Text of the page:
Last week, a framed version of this print from a 1960’s painting entitled, “Flower Child” came into the little vintage shop where I work. I noticed her hanging on the wall the minute I came in for my first shift of the week. It was her expression that got me, that slightly raised eyebrow. What was she thinking?
But this 1960’s image is not the reason for this post, although the subject of flowers is.
Thursday was an amazingly serendipitous day for me. It started with 3 young adults coming into the shop. A male and 2 females. I used my go-to line, “So what brings you downtown today?” to get a conversation started.
The male was the first to reply saying that he, and one of the girls, was visiting from Ontario. The other girl, their friend, had recently moved out to Vancouver Island with her brother.
After I welcomed them, I turned to the recent transplant and asked, How are you liking Nanaimo (my city) and Vancouver Island so far?
She said she liked living here so far but even more so, now that she had gotten a job. She continued that it wasn’t what she wanted to do for work but that didn’t matter, any job was a good thing.
Well, being the curious sort that I am, I had to ask, “What would you like to be working at then?
She looked at me for a second, then replied in a voice full of vulnerability, “I’d like to work with flowers.”
Now in that moment, with her heart open and her dream exposed, I could have done 1 of 2 things. I could have scoffed, or made light of her answer, or I could offer words of support for her deepest desire.
Her face told me in that instant that she was fully prepared for the first one. But that’s not how I operate.
Perhaps she had experienced the sting of disapproval in the past. Perhaps she herself, at some level, did not believe that it was a worthy dream.
I am wise enough to know that flowers can evoke powerful emotions. They can speak of love, they can offer condolence, they can conjure up a memory and they can make you smile.
Flowers feed the soul.
The Victorian’s used flowers as a language. Know as floriography, each flower was given a meaning that could be used as a coded message. A single red rose for, “I love you” to a “refusal of your affection” with a striped carnation.
Flowers may be delicate and beautiful, but they are a serious business.
So I replied with enthusiasm and acceptance which in turn, brought a smile beam across her face.
Then, because she said she had no prior experience with flowers, I offered up a few places for her to check out locally. Places that she may not have known about or thought of as opportunities to access floral knowledge and skills.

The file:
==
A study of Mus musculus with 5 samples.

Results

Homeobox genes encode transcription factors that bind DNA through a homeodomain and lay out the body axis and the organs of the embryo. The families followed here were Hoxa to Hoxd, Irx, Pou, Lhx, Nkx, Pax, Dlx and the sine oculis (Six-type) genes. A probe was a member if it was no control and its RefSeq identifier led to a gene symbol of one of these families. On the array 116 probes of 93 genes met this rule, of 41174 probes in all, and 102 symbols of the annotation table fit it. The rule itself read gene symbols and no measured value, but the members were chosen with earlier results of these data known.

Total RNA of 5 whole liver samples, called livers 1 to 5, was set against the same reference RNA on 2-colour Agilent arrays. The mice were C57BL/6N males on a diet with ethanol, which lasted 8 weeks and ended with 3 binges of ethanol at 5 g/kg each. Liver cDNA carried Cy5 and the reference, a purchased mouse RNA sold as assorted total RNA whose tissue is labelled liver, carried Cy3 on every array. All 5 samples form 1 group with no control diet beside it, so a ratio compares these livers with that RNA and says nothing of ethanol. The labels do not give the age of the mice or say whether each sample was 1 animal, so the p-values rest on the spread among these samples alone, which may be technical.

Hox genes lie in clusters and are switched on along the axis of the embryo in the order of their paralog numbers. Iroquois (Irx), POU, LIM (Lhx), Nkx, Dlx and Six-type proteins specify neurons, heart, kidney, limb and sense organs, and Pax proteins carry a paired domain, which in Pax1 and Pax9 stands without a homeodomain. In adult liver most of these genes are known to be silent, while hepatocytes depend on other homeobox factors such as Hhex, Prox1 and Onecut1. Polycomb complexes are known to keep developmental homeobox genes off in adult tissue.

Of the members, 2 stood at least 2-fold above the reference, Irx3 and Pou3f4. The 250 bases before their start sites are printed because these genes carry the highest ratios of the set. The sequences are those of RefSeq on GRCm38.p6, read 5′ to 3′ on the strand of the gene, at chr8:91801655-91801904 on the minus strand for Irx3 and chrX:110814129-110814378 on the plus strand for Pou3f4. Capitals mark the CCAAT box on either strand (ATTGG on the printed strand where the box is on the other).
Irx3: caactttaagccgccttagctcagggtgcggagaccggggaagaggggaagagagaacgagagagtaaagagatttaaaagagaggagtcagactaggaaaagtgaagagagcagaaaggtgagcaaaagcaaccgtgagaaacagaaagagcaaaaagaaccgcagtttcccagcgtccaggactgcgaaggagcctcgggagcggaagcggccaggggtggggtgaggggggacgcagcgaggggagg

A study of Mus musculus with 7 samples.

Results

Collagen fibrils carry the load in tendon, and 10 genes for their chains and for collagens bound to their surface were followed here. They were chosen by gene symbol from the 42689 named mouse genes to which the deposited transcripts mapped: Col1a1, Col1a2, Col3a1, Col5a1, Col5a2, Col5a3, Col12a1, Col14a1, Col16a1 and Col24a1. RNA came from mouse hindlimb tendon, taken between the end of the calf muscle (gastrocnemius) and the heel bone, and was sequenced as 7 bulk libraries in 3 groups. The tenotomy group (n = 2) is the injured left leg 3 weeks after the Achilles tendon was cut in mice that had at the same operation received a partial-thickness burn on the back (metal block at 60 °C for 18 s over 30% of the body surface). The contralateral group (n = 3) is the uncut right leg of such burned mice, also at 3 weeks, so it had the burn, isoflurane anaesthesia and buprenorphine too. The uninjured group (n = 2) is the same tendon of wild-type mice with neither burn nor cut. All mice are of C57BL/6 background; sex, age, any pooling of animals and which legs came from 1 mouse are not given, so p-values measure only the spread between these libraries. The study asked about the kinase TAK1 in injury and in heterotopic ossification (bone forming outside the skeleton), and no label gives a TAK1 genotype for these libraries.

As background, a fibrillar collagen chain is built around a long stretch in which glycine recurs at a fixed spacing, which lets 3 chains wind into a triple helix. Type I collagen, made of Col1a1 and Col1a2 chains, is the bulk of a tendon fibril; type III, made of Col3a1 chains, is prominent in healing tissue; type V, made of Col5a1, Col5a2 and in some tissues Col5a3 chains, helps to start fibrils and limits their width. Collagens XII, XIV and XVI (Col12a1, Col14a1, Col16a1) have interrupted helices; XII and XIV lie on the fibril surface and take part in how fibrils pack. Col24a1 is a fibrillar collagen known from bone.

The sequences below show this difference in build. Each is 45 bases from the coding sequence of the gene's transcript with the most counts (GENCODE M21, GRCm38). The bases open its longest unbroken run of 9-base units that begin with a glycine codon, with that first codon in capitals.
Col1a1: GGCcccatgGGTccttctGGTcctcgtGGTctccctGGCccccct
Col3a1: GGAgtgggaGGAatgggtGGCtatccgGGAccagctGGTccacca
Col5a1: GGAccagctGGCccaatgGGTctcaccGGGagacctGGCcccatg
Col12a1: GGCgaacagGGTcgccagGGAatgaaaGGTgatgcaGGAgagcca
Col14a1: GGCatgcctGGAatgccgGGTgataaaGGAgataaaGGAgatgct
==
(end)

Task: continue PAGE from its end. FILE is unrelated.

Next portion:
I bantered with these friendly folk for several minutes as they gathered up the treasures they would purchase. I even sang a little song when the young lady from Ontario placed a pair of roller skates on the counter.
“I got a brand new pair of roller skates. You got a brand new key.”
It seemed, they didn’t know the song. The awkward silence being the clue.
But I kept watch as this real flower child browsed around the store. I could tell that my support for her dream had affected her.
So when we finished up the sales and the group was about to leave, I thanked them for coming in and wished her friends, safe travels home. But to her, I looked right in her eyes and kindly said, “Please come and visit me again.”
She knew, just as I knew, that something magical had transpired between us. Bewilderment and a hint of confusion flashed across her face. Like she needed to think some more on what had just happened. Then, as if she had made up her mind, she looked with sureness back into my eyes and said, “I will.” She followed it up with a brilliant smile and left, along with her friends.
Maybe her guardian angel was working through me that morning. Maybe I was meant as a signpost for her – Yes! You are going in the right direction. Don’t give up on your dream.
Whether she intuited the message or not, I feel sure that this newly arrived flower child, felt something of significance, at the soul level, from our shared encounter – and I am honoured to have been that conduit.
As for the framed print of the other flower child? It sold later that day to another lady who had just moved to Nanaimo. This time from Saskatchewan. She was my second adventitious encounter of the day.
But that, perhaps, is a story for another time.